By Christine Schulz on Mon, May 11, 2020
Each year, millions of Americans struggle with their mental health. Trying to tell the difference between normal, expected behaviors and what might be considered signs of a mental health condition isn’t always easy. Additionally, the stigma surrounding mental health could result in a reluctance to admit a problem in the first place.
Whether a co-worker in the office, or friends and family at home, it’s important to know the warning signs that someone may be at risk for a mental health condition, while knowing how to approach the situation if needed. Although each condition has its own specific set of symptoms, the following is a list of the common warning signs provided by the National Alliance on Mental Health:
- Excessive worrying or fear
- Feeling extremely sad or low
- Extreme mood changes, including uncontrollable “highs” or feelings of euphoria
- Prolonged or strong feelings of irritability or anger
- Avoiding friends and social activities
- Difficulties understanding or relating to other people
- Changes in sleeping habits or feeling tired and low energy
- Inability to perceive changes in one’s own feelings, behavior or personality (”lack of insight” or anosognosia)
- Abuse of substances like alcohol or drugs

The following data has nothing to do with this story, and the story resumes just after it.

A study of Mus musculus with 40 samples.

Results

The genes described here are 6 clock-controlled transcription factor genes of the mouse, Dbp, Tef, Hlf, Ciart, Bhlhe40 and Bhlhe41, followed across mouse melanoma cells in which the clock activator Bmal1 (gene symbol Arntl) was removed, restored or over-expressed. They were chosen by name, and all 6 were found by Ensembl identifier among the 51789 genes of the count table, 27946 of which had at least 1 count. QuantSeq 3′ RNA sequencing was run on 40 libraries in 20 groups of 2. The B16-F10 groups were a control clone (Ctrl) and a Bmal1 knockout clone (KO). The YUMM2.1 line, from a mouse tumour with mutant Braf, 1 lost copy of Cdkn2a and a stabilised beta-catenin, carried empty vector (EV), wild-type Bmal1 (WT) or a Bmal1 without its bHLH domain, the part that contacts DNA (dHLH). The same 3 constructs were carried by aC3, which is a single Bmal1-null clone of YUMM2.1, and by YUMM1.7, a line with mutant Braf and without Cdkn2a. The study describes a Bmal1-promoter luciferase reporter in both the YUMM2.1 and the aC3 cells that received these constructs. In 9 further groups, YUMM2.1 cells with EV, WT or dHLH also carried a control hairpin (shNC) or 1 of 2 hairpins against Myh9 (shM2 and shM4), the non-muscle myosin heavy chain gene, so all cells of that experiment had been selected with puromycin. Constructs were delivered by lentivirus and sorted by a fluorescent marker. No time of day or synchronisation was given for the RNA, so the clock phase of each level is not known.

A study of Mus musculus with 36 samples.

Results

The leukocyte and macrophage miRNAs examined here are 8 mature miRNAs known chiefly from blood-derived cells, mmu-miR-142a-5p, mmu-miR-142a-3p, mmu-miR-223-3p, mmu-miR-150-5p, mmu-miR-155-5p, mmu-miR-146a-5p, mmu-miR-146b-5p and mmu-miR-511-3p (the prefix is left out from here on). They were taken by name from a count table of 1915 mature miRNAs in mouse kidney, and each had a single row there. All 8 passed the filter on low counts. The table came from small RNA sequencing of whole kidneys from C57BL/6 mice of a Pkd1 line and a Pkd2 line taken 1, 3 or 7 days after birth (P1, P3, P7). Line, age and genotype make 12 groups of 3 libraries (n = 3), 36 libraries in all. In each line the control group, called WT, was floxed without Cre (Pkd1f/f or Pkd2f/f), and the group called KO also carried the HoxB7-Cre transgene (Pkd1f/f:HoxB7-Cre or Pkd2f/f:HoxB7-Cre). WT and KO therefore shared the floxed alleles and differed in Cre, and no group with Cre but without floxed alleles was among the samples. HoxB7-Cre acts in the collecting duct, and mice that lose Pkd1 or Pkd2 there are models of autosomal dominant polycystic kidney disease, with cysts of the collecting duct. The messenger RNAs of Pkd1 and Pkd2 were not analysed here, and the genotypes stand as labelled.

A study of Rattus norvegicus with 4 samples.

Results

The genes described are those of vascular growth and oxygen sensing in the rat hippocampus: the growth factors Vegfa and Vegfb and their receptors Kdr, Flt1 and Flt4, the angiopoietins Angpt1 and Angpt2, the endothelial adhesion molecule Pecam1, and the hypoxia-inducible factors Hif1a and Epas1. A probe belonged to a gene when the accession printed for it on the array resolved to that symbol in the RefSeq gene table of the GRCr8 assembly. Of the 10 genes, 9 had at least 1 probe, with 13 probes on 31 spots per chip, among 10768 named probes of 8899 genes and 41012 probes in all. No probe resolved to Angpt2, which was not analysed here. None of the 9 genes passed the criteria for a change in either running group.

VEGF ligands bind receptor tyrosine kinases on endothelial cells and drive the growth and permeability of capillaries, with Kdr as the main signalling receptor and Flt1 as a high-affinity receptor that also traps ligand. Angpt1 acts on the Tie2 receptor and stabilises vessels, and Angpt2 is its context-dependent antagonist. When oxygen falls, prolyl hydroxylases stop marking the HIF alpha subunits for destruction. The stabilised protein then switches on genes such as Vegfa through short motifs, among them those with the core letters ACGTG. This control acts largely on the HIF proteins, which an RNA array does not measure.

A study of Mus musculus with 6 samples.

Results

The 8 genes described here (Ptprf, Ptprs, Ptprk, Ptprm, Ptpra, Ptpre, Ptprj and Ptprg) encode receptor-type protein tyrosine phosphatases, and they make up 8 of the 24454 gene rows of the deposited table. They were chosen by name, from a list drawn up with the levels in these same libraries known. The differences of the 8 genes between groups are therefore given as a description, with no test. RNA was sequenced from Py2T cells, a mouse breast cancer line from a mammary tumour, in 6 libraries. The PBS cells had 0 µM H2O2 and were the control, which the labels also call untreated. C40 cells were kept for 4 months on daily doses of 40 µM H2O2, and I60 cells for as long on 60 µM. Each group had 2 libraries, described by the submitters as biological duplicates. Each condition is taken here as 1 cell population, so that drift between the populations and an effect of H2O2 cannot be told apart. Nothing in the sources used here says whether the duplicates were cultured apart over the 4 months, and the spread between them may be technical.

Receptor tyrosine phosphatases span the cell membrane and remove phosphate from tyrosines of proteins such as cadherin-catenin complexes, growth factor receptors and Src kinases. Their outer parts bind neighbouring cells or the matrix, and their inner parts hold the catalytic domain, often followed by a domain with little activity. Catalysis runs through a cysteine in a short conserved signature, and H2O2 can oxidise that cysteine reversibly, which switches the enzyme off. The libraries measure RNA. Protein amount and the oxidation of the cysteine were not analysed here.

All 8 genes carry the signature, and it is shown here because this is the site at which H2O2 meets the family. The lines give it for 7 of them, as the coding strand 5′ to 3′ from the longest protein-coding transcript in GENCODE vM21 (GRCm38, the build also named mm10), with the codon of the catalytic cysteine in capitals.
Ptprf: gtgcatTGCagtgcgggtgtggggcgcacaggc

- Multiple physical ailments without obvious causes (such as headaches, stomach aches, vague and ongoing “aches and pains”)
- Thinking about suicide
- Inability to carry out daily activities or handle daily problems and stress
How to Approach the Topic With Others
So, if you think someone may be at risk, how do you appropriately approach the situation? Employees are often afraid to admit their conditions for fear their employers may treat them differently by passing them up for promotions or assuming they can no longer competently do their jobs. Friends and family may feel they’ll be excluded from activities they once participated in.
The first step to breaking this stigma in the workplace is to create a company-wide program focused on mental health, making sure employees feel comfortable addressing their concerns to others without repercussions. If you have a friend or family member you feel may need help, you can speak to the person about your concerns, either individually or with the support of other friends and family. Here are some tips for approaching the conversation with others:
- Talk to them in a comfortable space, preferably private, where you won’t be distracted by others.
- Ease into the conversation, and let the individual talk. It may be that they aren’t ready to speak, but knowing they have someone they can talk to when they’re ready can go a long way.
- Be aware of their feelings and emotions. If you sense they may be overwhelmed and upset about the conversation, don’t push them to keep going.
- Be understanding and respectful. Avoid criticizing them, making jokes, or patronizing them by saying something condescending.
If you feel someone may be at risk, the worst thing you can do is nothing. You can break the stigma associated with mental health by supporting those who need your help. Don’t look at their condition, but rather the person they are—a close friend, a sibling, a devoted co-worker. Those who have the support of others are more likely to get the help they need and work to address the concerns they’re struggling with.